For aspiring writers, it’s really, really hard to know if you are a “real writer.” It’s a hope that’s stuck in a nebulous cloud of ambition and uncertainty. Here are five ways to know if you are a writer.
The simplest definition of a writer is someone who writes. Which basically means that most of us are writers! We all double-check our spelling on important emails and reread our clever Facebook posts.
However, by that broad definition, then anyone who has boiled pasta for dinner is a chef! It really isn’t that simple. And it’s a question that tends to bother most unpublished or self-published authors and bloggers. Do we have the right to call ourselves writers if only 10 people have read our work? How do you know if you are a writer?
Hobby versus Career
There are lots of people who enjoy writing. It’s a wonderful way to explore thoughts and get lost in your imagination. However, it’s harder to decide when writing goes from being a hobby to one of the ways you define yourself.
We all have hobbies. I like to sew, take long bike rides and grow vegetables. But I’m not quite ready to announce that I’m a seamstress, a pro cyclist, or a farmer. While they are my hobbies, they don’t define who I am at this point in time. (Tour de France here I come!)
Six Ways to Know if you are a writer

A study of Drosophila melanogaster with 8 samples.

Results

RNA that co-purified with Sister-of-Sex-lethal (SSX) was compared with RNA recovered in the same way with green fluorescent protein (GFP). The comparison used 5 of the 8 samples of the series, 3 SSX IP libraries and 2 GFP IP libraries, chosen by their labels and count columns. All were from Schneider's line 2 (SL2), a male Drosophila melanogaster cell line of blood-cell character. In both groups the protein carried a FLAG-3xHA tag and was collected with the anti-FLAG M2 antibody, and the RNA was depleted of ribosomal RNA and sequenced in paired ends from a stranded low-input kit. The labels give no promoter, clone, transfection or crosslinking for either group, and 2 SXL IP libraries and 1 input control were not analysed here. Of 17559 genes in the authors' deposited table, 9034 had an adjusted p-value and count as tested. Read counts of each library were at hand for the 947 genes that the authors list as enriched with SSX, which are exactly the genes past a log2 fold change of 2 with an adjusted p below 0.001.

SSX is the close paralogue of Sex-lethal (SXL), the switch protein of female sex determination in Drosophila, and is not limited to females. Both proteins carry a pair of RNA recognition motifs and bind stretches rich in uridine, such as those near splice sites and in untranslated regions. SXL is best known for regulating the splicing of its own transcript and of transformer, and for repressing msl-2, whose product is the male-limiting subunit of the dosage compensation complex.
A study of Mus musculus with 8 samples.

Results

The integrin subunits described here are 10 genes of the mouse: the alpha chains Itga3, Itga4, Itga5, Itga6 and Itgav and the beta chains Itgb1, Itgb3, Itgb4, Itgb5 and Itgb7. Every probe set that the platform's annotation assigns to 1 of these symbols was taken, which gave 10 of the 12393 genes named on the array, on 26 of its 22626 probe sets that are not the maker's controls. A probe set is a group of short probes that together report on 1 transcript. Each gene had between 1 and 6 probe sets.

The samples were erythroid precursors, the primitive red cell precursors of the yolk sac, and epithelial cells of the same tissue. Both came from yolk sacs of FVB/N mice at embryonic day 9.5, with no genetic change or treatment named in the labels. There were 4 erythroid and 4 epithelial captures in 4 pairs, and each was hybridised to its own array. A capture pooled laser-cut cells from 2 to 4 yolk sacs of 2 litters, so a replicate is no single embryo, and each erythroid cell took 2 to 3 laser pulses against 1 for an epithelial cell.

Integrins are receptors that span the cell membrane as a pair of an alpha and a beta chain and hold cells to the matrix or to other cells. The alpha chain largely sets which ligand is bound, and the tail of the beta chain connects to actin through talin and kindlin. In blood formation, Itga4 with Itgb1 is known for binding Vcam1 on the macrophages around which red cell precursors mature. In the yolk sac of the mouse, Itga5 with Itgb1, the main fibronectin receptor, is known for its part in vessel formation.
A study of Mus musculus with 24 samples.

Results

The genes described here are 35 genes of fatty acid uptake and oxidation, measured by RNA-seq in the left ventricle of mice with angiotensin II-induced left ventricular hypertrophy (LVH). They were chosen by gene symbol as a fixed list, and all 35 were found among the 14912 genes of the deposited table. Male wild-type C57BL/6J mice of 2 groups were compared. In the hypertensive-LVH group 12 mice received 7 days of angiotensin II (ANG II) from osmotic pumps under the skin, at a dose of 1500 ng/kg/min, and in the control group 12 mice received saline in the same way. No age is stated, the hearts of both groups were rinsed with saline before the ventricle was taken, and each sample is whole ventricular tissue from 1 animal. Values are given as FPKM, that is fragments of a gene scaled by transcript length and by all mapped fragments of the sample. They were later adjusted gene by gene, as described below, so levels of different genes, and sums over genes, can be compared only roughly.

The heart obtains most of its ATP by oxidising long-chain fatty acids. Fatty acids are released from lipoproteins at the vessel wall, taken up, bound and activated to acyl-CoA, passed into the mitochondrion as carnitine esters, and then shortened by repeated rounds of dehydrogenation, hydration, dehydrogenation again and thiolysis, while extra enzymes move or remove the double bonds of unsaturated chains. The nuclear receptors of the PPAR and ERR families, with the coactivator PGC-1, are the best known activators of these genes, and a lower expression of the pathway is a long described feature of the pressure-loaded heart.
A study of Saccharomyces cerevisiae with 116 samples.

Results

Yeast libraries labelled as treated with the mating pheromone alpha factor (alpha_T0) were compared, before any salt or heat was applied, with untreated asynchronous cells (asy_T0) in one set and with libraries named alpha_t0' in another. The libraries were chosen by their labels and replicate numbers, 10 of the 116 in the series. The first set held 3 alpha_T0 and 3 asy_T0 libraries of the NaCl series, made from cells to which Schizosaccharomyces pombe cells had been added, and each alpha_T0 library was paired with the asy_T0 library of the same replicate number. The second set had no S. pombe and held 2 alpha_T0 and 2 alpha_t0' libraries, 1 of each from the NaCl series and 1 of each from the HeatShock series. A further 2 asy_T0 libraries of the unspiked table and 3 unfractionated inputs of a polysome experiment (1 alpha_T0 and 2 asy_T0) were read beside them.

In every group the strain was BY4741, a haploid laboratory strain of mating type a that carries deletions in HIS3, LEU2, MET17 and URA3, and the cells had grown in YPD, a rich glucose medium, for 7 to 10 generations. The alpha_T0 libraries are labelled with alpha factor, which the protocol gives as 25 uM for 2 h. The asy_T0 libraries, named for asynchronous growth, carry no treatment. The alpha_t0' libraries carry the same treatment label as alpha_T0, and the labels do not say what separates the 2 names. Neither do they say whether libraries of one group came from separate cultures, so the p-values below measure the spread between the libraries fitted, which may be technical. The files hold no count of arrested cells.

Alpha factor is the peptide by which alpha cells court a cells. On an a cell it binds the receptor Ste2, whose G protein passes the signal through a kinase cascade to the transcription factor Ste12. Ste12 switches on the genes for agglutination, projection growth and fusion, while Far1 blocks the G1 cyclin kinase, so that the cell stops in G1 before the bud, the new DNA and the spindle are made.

Here are six ways to know if you are a writer. I would say that each of these, individually, defines a “real writer.” And as you progress in your writing career you’ll probably achieve all six!
1. Writing skills
Joni B. Cole defines a writer as someone who is willing to work hard on their writing. Writing is a craft. It requires time and commitment to learn how to write well. Whether you’re a corporate writer, blogger, or novelist, it’s pretty easy to tell when someone has worked on developing their skills.
2. People read your work
If someone who doesn’t know you and isn’t a friend of your mom’s, has read your work, then it means you are published! It could be in a magazine or on a blog, but if you have readers who don’t personally know you, then you’re definitely a writer.
3. Writing community
I have learned so much from my writing friends. Everything from where to find workshops and courses, how to apply for grants, and what to expect from a publisher. And it’s always nice to have someone with whom you can celebrate successes and cry over rejections.
4. Professional feedback
It’s really easy to submit. It’s much harder to receive actual feedback on your writing from a submission. If you got a personalized rejection letter, then you’re definitely a writer.
Editors and agents receive tons of submissions. If someone took the time to personally respond, then it means that your writing is close to a professional level.
5. You’ve been paid
This is probably the holy grail of writing… actually getting paid for something you wrote! Even if it’s only $35 for an article, if you got paid for your writing then you’re definitely a writer.
6. You tell people you’re a writer
It took a long time before I admitted to anyone outside of my family that I was spending all my free time writing. It took even longer before I was willing to describe myself as a writer.
If you’re willing to introduce yourself as a writer at a party, then you’re definitely a writer!